April 4, 2014

Survey can reveal your level of online vulnerability

A new survey by the AARP can be a tool to help you predict whether you are likely to become a victim of Internet fraud.

A new survey by the AARP can be a tool to help you predict whether you are likely to become a victim of Internet fraud.

In 2012, more than 16 million Americans had their identity stolen by online scammers. The FTC has reported that online scams doubled from 20 percent of all fraud in 2007 to 40 percent in 2011. It’s a safe bet that the number is even higher now.

The recent survey of American adults has led AARP to estimate that there are now 34 million Internet users who can be identified as being at high risk of becoming scam victims. The good news is that analysis of the survey, called “Caught In the Scammer’s Net,” can tell you whether you are among that number.

Fifteen specific behaviors, life experiences and knowledge attributes were identified as common among online fraud victims. A careful look at what those factors are, combined with a bit of self analysis, can tell you whether you are at risk.


Here are nine online behaviors that victims are more likely to engage in:

1. Click to open pop-ups.

2. Open e-mails that come from unknown people or sources.

3. Sell merchandise on online auction sites.

4. Purchase products using an online money payment business.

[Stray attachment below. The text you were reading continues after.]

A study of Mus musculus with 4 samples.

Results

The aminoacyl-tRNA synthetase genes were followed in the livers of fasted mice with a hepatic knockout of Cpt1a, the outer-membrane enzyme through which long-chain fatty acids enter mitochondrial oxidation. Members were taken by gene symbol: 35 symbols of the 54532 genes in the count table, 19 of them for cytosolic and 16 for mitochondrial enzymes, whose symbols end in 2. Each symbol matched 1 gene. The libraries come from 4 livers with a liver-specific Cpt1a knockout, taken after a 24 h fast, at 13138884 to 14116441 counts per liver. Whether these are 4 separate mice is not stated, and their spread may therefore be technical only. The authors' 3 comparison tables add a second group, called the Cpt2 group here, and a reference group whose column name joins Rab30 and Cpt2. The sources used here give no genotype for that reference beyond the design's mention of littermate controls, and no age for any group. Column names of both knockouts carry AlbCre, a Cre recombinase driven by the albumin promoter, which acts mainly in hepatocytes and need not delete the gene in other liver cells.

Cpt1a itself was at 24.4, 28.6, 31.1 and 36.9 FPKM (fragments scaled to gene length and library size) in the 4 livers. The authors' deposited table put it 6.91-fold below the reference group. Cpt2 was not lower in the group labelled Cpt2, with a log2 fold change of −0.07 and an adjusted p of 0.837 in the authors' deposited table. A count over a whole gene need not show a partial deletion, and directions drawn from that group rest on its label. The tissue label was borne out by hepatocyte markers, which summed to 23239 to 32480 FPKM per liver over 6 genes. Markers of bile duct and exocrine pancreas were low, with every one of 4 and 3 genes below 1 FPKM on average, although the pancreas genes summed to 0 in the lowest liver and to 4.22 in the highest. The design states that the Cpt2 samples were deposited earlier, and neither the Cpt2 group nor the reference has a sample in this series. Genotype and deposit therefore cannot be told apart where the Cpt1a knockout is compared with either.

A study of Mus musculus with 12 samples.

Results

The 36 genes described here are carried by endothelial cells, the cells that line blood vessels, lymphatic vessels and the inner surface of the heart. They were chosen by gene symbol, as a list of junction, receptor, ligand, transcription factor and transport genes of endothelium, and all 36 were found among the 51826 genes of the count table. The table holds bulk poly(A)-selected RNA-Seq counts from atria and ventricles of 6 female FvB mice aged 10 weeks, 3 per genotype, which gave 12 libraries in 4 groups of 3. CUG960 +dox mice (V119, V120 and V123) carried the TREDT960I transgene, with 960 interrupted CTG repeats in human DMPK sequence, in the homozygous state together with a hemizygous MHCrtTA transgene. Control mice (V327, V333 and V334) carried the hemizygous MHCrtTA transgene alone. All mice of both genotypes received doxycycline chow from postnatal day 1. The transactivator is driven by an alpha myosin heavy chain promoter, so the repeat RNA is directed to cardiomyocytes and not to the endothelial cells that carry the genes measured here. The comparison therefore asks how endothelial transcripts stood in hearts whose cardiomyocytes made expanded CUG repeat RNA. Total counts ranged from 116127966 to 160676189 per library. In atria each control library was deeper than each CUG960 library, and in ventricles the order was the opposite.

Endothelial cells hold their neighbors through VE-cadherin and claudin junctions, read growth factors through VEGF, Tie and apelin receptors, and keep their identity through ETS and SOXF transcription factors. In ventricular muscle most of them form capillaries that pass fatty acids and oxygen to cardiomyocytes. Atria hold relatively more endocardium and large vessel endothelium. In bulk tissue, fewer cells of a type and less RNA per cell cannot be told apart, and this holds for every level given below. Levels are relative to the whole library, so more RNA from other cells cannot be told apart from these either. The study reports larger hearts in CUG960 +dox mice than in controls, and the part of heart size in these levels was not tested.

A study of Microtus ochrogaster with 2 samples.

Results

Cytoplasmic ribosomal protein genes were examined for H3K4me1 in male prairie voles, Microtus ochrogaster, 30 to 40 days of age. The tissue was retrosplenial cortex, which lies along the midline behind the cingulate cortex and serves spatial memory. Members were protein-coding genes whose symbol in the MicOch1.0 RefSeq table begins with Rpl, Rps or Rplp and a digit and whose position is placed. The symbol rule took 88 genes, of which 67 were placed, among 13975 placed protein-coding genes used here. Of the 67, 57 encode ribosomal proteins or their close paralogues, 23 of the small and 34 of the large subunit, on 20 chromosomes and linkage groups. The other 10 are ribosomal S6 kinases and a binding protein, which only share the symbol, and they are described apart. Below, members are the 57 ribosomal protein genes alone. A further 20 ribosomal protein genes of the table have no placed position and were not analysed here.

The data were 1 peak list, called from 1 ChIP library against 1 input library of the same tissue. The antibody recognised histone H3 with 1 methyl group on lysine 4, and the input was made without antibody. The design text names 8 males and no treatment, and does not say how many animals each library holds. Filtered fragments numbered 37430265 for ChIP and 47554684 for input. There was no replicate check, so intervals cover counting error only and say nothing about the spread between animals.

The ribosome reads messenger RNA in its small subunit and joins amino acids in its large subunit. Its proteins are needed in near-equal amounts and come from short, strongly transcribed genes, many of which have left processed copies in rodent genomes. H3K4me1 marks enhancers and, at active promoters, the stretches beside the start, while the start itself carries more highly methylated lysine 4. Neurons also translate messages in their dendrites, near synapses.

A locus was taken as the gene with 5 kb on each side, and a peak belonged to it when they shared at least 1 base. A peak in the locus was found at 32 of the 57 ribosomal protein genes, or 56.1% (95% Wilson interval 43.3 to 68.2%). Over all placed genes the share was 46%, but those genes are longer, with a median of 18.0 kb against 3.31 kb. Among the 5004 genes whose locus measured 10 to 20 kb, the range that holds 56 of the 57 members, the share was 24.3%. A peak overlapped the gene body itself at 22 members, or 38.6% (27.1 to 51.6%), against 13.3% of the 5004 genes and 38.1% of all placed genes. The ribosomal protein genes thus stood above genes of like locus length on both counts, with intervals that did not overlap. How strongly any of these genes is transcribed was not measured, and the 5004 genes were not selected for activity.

5. Sign up for free trial offers.

6. Download apps.

7. Visit websites that require the reading of a privacy policy.

8. Visit websites that require the reading of a terms of agreement statement.

9. Are impulsive.

Victims were also more likely to provide personal information on social media sites, such as landline phone numbers, personal schedules and calendars, addresses and cellphone numbers.

Life experiences

The survey questioned people about their concerns and about the events that had been encountered in their lives. Those who had been victimized by online scams were more likely to have experienced:

• Feelings of isolation and/or loneliness
• The loss of a job
• A negative change in their financial status
• Stress associated with moving
• Divorce
• A serious injury or illness


Both victims and non-victims displayed poor knowledge regarding Internet use. On two questions, however, victims were significantly less likely to answer correctly.

Victims were:

• Unaware that just because a website has a privacy policy does not mean that they will not share your information with other companies.
• Unaware that banks never send e-mails to their customers asking them to click on a link verifying their information.

If you are among the many who find that some of the above traits describe you, or even if not, there are at least five recommended ways to improve your online safety, according to the FTC.

They are:

• Never give out personal information unless you are 100 percent sure who you are dealing with. Do not respond to suspicious e-mails.
• Shred documents when discarding them.
• Be sure to use a secure browser, watch to be sure “https” is at the beginning of a web address and avoid using public networks when possible.
• Be sure passwords are over 6 characters long, contain upper and lower case, have numbers and special characters in them. Change them frequently. Don’t use dictionary words or private information in your passwords.
• Check your social media privacy settings and set them for maximum privacy. Limit your profile to just certain groups or friends. Never reveal your Social Security number, full name or date of birth on social media.